Not all governmental evil comes out of Washington, D.C. Sometimes it's as nearby as your local police department. This past Sunday, Anna “Chrissy” Music-Peed, of Macon, GA, found this out the hard way. The story from policestateusa.com:
On September 22, Anna “Chrissy” Music-Peed, of Macon, GA, drove to the Jones County Sheriff’s Department to request an officer come to and investigate a vehicle that had been brought to her property by an acquaintance, that both she and her roommate strongly suspected to have been stolen. Music told policestateusa.com that it was a Nissan Xterra from Virginia Beach, VA. As Music wrote in a blog post, “I will not have that influence around my family,” saying she was trying to do the right thing by making a report. The acquaintance was still on the property and Music had not let on that she had gone to talk to the police. Music wrote on that while she was providing officers with details of the stolen property, and the individual who had brought it over, she also explicitly told the police not to shoot her dogs. “The puppy may jump, we have been trying to get her out of that,” Music explained, stating that the dogs were friendly puppies. She said the officers laughed and told her not to worry about it. Unconvinced, she emphasized again: “PLEASE don’t shoot my dogs, they are my babies.” The officers asked her to stay at the station while units were sent to her home to obtain the property and arrest the individual who may have stolen it. Her dogs, Ammo and Half-Pint, and roommate, Kyle Sewall, age 22, waited at home. Sewall gave his account in an exclusive interview with policestateusa.com. “I was waiting on officers to arrive, Ammo needed to go the bathroom and she had been whimpering for 15 minutes. So I gave in and let her out,” said Sewall. “The person who had stolen the property was outside cleaning the stolen vehicle with a shop-vac and while I kept an eye on Ammo I was talking to him playing it cool.” He continued:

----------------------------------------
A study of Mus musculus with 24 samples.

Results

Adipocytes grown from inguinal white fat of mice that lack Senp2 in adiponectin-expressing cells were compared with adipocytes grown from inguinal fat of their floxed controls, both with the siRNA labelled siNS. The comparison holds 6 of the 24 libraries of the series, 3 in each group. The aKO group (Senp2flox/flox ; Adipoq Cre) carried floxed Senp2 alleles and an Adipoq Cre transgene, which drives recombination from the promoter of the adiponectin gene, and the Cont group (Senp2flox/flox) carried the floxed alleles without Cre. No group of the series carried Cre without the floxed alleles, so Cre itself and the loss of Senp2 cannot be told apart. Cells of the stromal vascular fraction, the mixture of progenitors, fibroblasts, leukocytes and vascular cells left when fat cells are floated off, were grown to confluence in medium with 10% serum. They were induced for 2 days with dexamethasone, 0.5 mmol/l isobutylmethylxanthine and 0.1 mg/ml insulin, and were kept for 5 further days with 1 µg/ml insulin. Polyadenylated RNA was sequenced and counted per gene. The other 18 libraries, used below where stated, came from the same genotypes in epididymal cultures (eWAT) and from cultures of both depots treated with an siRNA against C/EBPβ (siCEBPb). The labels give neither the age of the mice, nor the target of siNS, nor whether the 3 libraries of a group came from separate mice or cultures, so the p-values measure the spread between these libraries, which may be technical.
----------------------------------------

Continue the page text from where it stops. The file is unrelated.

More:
“About 5 minutes later is when the sheriffs pulled up, came flying in. Sgt Little was exiting the vehicle and as he was exiting I noticed he already had his sidearm trained on Ammo who was just sniffing around the ground wagging her tail. And then she looked up at him, did not growl, did not bark, and before I could say anything he fired his weapon. Shot her point blank in the head,” Sewall told policestateusa.com.
The good news, at least, is that the dog survived, after $800 (so far) worth of emergency veterinary surgery. The full story is at policestateusa.com-- WARNING: EXPLICIT PICTURE OF WOUNDED DOG AT THIS LINK.
Sadly, this is not the first dog that this officer has shot; this owner was less fortunate-- Sgt. Little shot and killed this dog a year ago.
Hat tip to reason.com, which collects far too many of this type of story at http://reason.com/tags/puppycide.